PracticePoint, with $17 million in initial funding, will focus on creating smart and secure medical devices that can interact with the physical world and improve patient-centric care.
“Technology is changing medicine, and PracticePoint is designed to help ensure our Commonwealth stays on the cutting edge of this important field to advance economic prosperity, but, more important, to advance health in our communities,” said WPI president Laurie Leshin, in a press release. “When we bring together creative engineers, scientists, clinicians, companies and entrepreneurs to work together in a novel setting like PracticePoint, I believe the results will be extraordinary.”
The PracticePoint program received a $5 million capital grant from the Massachusetts Technology Collaborative to help build the facility that will be located at Gateway Park. GE Life Sciences matched with a $2.5 million capital and imaging equipment grant. WPI has also contributed $9.5 million for facility, faculty and staff and operational support. UMass Medical School and MITRE, WPI partners, have also pledged faculty or staff time and research support.
This new innovation center is a membership-based research, development and commercialization alliance that is designed to create innovative technologies and launch medical cyber-physical systems. The facility will mimic point-of-practice environments that are associated with advanced manufacturing and testing equipment.
Teams will be able to work together under one roof to get smart medical devices from prototype to product quicker and more effectively.
“We will take the technology and innovation we develop here and scale it across the world to solve some of the toughest challenges we face,” Leshin said.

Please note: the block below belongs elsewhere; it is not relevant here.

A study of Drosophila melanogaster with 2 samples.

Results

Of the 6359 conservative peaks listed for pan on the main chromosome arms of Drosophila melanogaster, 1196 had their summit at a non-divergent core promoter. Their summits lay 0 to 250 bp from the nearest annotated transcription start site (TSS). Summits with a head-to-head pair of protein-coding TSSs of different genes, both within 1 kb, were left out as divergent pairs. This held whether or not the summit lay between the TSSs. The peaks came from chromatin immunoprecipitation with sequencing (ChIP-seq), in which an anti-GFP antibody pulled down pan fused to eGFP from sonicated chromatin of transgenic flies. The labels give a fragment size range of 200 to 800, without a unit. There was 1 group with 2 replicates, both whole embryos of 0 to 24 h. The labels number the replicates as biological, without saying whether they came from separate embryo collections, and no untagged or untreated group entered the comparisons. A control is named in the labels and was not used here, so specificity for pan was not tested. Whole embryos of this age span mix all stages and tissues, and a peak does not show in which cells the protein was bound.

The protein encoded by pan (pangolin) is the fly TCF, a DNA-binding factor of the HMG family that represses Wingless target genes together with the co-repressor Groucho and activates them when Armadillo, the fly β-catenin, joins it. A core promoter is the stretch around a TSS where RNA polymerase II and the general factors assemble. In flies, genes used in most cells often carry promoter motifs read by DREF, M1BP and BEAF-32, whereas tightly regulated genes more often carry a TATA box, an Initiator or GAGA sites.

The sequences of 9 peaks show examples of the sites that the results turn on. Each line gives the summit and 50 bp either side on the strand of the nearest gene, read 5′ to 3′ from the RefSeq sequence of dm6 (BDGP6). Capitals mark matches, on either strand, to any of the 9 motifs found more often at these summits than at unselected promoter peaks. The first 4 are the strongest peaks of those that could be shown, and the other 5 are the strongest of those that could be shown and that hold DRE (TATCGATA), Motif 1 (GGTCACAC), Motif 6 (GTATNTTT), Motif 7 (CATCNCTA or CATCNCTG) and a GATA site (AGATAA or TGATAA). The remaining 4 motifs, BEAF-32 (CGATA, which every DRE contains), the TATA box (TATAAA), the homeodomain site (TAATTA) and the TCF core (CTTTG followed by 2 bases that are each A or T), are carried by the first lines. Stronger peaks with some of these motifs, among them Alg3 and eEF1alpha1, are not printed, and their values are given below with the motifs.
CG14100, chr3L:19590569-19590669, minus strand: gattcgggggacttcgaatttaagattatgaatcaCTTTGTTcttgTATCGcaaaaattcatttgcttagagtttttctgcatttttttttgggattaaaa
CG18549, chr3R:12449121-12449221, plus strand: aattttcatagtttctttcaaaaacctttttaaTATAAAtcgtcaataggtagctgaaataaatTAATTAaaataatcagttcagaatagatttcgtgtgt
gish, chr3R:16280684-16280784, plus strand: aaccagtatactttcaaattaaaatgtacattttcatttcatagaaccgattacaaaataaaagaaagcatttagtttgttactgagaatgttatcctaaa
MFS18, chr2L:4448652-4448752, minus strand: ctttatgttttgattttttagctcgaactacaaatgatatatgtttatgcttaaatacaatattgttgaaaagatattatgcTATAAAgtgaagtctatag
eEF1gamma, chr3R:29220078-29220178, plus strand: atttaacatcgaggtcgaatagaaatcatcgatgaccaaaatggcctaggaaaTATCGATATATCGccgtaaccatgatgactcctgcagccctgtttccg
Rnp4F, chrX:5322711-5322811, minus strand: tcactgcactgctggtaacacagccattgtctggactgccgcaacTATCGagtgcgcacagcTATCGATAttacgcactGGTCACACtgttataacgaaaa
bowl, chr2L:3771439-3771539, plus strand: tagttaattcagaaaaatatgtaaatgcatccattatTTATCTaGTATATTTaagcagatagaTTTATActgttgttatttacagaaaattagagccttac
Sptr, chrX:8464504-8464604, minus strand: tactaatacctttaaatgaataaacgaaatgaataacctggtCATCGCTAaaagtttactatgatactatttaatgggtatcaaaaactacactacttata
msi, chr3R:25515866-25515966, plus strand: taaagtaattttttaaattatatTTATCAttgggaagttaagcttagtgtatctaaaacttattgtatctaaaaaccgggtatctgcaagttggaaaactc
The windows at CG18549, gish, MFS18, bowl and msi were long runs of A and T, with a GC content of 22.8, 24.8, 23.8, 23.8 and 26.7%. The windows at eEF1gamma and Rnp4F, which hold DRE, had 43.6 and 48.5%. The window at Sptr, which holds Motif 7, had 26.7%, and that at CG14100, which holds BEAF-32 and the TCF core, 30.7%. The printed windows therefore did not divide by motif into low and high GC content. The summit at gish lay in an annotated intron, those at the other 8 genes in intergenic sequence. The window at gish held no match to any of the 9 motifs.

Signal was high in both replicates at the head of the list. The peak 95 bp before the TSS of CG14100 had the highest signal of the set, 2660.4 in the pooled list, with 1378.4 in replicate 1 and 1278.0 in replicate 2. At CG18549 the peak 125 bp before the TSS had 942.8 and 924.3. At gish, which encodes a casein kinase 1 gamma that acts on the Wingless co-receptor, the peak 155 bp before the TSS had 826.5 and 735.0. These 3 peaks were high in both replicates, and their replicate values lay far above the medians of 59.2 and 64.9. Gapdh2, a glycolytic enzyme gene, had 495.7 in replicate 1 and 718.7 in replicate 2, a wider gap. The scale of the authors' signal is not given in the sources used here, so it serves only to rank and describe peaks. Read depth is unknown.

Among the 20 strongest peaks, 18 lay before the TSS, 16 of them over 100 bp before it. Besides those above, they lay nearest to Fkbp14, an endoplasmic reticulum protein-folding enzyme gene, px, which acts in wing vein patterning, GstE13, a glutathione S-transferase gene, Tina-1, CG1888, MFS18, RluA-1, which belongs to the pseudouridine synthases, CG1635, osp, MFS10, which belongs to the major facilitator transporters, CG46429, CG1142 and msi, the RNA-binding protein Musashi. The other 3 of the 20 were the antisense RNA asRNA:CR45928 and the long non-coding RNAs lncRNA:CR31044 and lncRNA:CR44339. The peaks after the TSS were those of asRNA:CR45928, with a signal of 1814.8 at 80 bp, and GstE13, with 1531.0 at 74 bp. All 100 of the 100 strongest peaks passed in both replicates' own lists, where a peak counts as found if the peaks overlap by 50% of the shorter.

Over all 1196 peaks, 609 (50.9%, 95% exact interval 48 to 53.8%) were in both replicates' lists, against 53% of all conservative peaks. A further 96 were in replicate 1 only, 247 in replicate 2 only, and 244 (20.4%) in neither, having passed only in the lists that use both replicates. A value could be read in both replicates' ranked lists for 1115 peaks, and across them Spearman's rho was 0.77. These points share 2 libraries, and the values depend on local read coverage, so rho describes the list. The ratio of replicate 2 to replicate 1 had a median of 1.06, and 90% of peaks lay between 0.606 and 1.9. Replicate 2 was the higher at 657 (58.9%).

WPI has done significant research in robotics, sensors, data science, cybersecurity and systems engineering. The launch of PracticePoint allows each stage of product development to be reached.
“Developing medical devices is challenging,” said Greg Fischer, an associate professor of mechanical, biomedical and robotics engineering and the director of PracticePoint. “This is particularly difficult when you start working with smart medical devices.”
Smart and secure medical devices are important for patient protection. Some devices can monitor vitals, diet, hydration and send that data to clinicians. Other smart devices are surgical robotic systems or other assistive devices that help surgeons perform minimally-invasive surgeries with precision.
“By putting a manufacturing facility side-by-side with a clinical environment, we can go back and forth between development in a machine shop or an electronics lab, develop the technology, test it, evaluate it and bring it to the clinical setting,” Fischer said. “We can significantly accelerate the timeline of launching a product.”
The design of the facility is going to mimic facilities that officer patient-centered care. It will include four testing suites that have a surgical/imaging area, a controlled-care setting (like an emergency room or ICU), rehabilitation/assistive care center and a residential setting that will act as a private home or nursing home. The equipment in the PracticePoint facility will test for cyber vulnerabilities and provide big data collections for relevant populations.